What are my options for investing?

Choosing the right investment strategy is a key way to grow your wealth – so it’s important to understand your investment options. 

For the most part, the pool of options are largely the same but the way you choose, mix, and structure them can be tailored to meet your individual needs. 

Hobart-based managing partner at Elevate Wealth, Matthew Hawkins, says investment strategies are based on two things – understanding someone’s appetite for financial risk, and the stage of life they’re in. Both these factors influence how you invest. 

Investing through your super 

Most people with a super fund have investment choices – a fact that most people don’t know, Hawkins says. 

A lot of people believe that a self-managed super fund is the only way you can have investment choice. They don’t fully understand that there are options inside super for investments, such as term deposits.

Investment bonds 

Outside super, which is the investment structure with the most preferential tax treatment, investment bonds are a vehicle that are more favorably taxed. 

And after 10 years, all earnings on the investment are tax free and don’t become part of your assessable income. 

According to Hawkins, investment bonds provide a vehicle for investment for a future expenditure in 10 years, which may be helping the kids into university or helping them get into a house. They are useful when you want to use your money before you can access your super at age 60.

For people who are thinking of retiring before they can access their super, bonds can also be effective in funding the period prior to retirement using an investment that that’s been favorably taxed on loan and potentially capital gains, tax exempted and maturity.

Melbourne-based Anne Graham CFP®, from Story Wealth Management says typical investments she recommends to clients include cash, term deposits, shares, ETFs, managed funds, SMAs, IMAs and unlisted assets such as property and property syndicates. 

Just start small

For younger or new investors, she suggests just “dipping a toe in the water” by investing a small amount in the stock market and if it goes pear-shaped it’s not a massive loss but a learning experience. 

Some of the more unusual investments she has seen recently include a client who decided to invest in gold because the people she was working with were talking about it as an investment. Graham says it wasn’t a great investment, and the people she had been listening too were earning a great deal more than her client which meant their  investment needs were different. 

Graham suggests before making any investment, it’s important to consider when you need the money and is it accessible. If you need the money in the short term the risk you should take is low as you don’t want to cash out an investment that has lost money, and you also want to make sure you can sell it quickly.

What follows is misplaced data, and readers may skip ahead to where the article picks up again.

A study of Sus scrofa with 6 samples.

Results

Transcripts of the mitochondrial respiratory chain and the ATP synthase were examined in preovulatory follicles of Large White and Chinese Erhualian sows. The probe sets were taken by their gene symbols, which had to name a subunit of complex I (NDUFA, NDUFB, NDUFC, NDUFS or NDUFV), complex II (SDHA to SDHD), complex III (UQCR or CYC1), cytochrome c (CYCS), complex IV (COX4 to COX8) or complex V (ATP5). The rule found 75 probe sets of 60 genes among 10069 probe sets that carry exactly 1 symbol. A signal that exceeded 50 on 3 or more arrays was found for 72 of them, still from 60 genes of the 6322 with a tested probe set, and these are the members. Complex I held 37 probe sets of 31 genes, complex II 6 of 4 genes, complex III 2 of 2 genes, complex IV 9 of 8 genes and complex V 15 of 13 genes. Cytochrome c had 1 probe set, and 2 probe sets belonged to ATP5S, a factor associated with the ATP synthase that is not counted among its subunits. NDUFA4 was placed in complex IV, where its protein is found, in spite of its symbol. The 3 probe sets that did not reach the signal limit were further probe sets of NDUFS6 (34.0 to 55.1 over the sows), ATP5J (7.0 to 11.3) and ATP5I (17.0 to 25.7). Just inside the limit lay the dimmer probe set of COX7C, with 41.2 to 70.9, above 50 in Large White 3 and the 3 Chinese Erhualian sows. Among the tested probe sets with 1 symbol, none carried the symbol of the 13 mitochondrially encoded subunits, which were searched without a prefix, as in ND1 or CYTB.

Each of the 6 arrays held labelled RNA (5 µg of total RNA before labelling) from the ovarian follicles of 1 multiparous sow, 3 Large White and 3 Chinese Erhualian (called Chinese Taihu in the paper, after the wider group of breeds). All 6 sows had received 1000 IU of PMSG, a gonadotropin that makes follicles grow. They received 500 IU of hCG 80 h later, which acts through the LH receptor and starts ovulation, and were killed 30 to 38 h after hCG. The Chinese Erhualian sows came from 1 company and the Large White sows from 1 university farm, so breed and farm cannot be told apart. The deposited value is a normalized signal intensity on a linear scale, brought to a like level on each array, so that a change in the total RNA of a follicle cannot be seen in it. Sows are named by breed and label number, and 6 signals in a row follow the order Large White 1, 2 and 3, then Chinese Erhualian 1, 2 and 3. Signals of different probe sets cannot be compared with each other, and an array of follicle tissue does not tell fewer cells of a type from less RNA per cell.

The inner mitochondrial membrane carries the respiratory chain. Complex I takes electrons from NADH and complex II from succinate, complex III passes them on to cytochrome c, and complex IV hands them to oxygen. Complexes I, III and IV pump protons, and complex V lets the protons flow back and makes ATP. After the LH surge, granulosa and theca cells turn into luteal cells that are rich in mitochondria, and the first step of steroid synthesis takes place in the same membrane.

Investment platforms are recommended for clients with varied investments who want to ensure they can see all their investments, transact on them and have their statements, tax reports, gains and losses records housed in one place.

Getting rich slowly

Chris Smith, VISIS Private Wealth founder and partner, says his investment philosophy is “get rich slow”. Depending on the client, he recommends blue chip shares and operates a buy and hold strategy. 

Bonds can be accessed through a few specialist providers but having a good relationship with your adviser enables you easier access.

Depending on your financial goals, property may also be appropriate due to the leverage bonus you can make through borrowing to buy property over the long-term but it’s not so good for retirees because liquidity becomes an issue.  

Making sure you have a good relationship with your financial adviser is key to a good investment portfolio. Understanding your goals, timelines and priorities are all important to choosing the right investments and the right investment structures for you.

The Money & Life website is operated by the Financial Advice Association (FAAA). The information in this article is not intended to influence the viewer to make a decision in relation to any particular financial product, class of financial product, or interest in either of these.  The FAAA is not licensed to provide financial product advice.  Nor is it able to provide legal or taxation advice. The FAAA does not assume responsibility for the information accessible via any links provided in this article.  Please consider seeking advice from a qualified professional to ascertain how the information in this article and the links provided may relate to you.